You THINK you’re compatible with him.
You like the same things. You can hang out together and have fun. You have great conversations.
But you do have your differences.
Maybe he’s more introverted than you are. He doesn’t like to spend as much time with other people.
Maybe he doesn’t treat money in the same way. He spends too much, or not enough.
Which kinds of compatibility matter most?
Is it okay not to be compatible in some things if you’re compatible in others?
Compatibility is in the Eye of the Beholder
There have been a lot of studies done on what makes relationships last, and some of them come up with interesting findings…
Like the fact that it helps if you and your partner share the same chronotype, which means you’re both either “morning people” or “night owls.”
If he sleeps in until 10am and wants to stay up all night, while you’re going to bed at 9pm because you’ve been up since the early hours, you can end up losing out on quality time together.
But more often compatibility is in the eye of the beholder.
If something matters a lot to you, you’ll want a partner who can share it with you.
If you care about politics, you’ll be happier with a partner who shares similar political views.
If you value new experiences, you’ll be happier with a partner who can be adventurous with you.
You want to feel compatible in the ways you care about most.
Unhappy couples don’t think they’re compatible.
That doesn’t mean they’re not compatible—it means that they’re not getting along, and they’re blaming it on a lack of compatibility.
That was the conclusion of a study done by Dr. Ted Huston at the University of Texas, who found that both happy couples and unhappy couples were equally compatible by his measure.
The unhappy couples were the ones who made a big deal of compatibility, because they didn’t think they had it.
Okay, But Aren’t Some Couples More Compatible Than Others?
With that being said…
Knowing that “compatibility” is a matter of perception, and it’s not make-or-break…
Which areas of compatibility make the biggest difference?
The answers might surprise you.
When you’re from the same background as your partner—you have the same level of education, you belong to the same religion, you grew up in the same area, or you’re from the same ethnic background—your life is made a little easier.
You have a large body of experiences and beliefs in common.
You can talk about something, and he will instantly know what it is. You won’t have to explain it.
When he understands who you are—because he’s been there himself—you feel a kindred connection. This is someone who gets you. This is someone who sees the world like you do.
2. Fighting styles
Every couple fights.
But some couples emerge from their conflicts feeling a bit better, while others feel worse than ever.
If your arguments make you feel awful, one reason may be incompatible fighting styles.
One of you may be more aggressive and louder than the other, believing it’s more important to get it out rather than mince words.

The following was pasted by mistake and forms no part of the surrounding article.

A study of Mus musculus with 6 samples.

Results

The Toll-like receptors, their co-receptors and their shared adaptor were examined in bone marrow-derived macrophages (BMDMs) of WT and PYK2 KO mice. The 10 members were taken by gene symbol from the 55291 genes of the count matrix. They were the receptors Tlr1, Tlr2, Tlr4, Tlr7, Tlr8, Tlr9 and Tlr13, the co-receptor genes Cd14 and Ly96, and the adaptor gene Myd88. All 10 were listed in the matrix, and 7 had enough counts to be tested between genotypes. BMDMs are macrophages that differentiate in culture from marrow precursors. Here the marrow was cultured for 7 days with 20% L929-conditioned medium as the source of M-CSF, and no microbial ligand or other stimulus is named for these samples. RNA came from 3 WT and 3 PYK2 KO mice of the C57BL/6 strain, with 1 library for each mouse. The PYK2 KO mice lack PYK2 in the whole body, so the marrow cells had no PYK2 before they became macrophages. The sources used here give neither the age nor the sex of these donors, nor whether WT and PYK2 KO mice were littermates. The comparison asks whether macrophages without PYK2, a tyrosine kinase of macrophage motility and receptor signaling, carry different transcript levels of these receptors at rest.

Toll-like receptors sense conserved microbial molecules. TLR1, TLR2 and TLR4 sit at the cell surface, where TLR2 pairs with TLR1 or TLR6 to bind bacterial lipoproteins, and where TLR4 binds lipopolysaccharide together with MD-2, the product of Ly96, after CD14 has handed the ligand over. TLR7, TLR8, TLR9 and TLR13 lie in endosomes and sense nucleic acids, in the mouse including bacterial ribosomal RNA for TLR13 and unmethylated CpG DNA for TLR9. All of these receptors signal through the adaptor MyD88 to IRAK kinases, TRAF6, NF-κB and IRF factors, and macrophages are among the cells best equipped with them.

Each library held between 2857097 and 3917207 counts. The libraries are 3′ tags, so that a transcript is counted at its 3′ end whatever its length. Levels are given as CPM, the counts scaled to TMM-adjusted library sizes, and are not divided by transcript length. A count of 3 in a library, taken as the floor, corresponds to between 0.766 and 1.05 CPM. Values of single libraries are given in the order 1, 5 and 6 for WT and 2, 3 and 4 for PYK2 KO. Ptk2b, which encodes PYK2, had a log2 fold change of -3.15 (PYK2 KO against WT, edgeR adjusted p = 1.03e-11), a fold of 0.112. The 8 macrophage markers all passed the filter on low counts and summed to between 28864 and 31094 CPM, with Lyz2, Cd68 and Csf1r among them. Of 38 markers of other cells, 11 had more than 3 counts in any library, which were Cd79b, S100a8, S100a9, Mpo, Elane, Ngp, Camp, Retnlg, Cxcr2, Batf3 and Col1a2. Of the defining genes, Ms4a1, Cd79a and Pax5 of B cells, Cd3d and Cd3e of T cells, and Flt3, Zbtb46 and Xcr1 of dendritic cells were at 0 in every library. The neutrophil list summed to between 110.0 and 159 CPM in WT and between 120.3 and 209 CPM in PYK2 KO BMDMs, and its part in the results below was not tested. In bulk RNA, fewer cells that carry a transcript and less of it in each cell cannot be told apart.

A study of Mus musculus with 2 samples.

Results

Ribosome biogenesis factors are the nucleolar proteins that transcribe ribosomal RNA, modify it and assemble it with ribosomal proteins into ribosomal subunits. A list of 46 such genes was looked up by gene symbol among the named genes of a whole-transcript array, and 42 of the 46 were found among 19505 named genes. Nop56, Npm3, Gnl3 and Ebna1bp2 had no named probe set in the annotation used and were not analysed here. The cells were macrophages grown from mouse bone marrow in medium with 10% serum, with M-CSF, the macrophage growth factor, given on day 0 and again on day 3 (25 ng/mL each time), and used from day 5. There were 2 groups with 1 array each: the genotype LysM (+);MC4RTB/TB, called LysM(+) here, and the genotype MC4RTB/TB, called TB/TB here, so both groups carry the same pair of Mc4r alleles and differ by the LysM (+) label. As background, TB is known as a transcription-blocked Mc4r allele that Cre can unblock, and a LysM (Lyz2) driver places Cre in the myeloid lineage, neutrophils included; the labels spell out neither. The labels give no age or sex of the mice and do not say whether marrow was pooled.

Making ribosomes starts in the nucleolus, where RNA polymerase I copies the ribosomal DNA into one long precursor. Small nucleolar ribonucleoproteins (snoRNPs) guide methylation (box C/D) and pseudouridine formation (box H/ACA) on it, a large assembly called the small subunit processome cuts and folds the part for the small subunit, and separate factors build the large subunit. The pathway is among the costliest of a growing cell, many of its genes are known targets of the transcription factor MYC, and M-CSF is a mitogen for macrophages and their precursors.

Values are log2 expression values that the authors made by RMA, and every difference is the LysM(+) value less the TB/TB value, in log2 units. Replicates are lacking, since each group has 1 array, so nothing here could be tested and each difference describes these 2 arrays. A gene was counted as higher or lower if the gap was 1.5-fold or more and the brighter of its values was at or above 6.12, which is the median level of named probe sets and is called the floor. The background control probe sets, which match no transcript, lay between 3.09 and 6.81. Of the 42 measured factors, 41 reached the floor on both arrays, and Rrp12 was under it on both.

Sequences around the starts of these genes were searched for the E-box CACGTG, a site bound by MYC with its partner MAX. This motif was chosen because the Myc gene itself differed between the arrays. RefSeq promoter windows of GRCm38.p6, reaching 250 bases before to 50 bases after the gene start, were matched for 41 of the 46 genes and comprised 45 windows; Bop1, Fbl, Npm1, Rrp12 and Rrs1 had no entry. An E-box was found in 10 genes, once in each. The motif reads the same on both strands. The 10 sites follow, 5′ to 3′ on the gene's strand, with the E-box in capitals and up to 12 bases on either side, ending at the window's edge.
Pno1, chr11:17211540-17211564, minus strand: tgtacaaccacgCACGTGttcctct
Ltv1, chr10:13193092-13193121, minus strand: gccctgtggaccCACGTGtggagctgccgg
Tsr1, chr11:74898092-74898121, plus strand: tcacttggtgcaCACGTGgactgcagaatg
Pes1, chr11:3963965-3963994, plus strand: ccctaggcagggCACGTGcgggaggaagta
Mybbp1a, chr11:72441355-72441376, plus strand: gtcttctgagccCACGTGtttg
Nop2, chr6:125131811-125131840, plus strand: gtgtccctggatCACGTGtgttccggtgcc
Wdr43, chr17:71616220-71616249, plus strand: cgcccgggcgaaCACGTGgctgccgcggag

One of you may feel that the best way to deal with conflict is to smooth everything over and forget it happened.
One of you may be more analytical and tend to overanalyze everything, whereas the other person just wants to move on.
We learn these fighting styles by watching how our childhood families dealt with conflict. That fighting style comes to feel normal to us.
Then we grow up, and we end up in a relationship with someone who handles conflict in a completely different way. It feels unnatural and wrong. It’s not what we’re used to.
Now, when you argue, you’re not just arguing about the topic. You’re also arguing about HOW you argue.
Couples can find a middle ground, but it’s hard work. It helps if their fighting styles are compatible to begin with.
3. Relationship paradigm
All of us have our own personal viewpoint about what relationships are all about.
Some think that relationships are about two people hanging out together and having fun. Others see relationships as a spiritual connection between two souls. Still others see relationships as a part of the journey towards getting married and forming a family.
Your relationship paradigm not only includes what you think the purpose of a relationship is. It also includes what you think the role of each person is.
Is it the job of both parties to equally support each other? Is it the man’s job to bring in money while the woman takes care of the home?
When you meet someone for the first time, you don’t know anything about his relationship paradigm. All you know is whether he wants something “casual” or something “serious.” That doesn’t tell you much!
Relationships work best when both people have compatible views about what a relationship is for and what the role of each person in the relationship should be.
So don’t worry if you like to eat the same things or listen to the same music. It’s okay if you’re completely different types of people.
What matters is that you feel like you understand each other, because you share a similar worldview; you can resolve conflicts, because your fighting styles are similar; and you want the same thing from your relationship, because your expectations are aligned.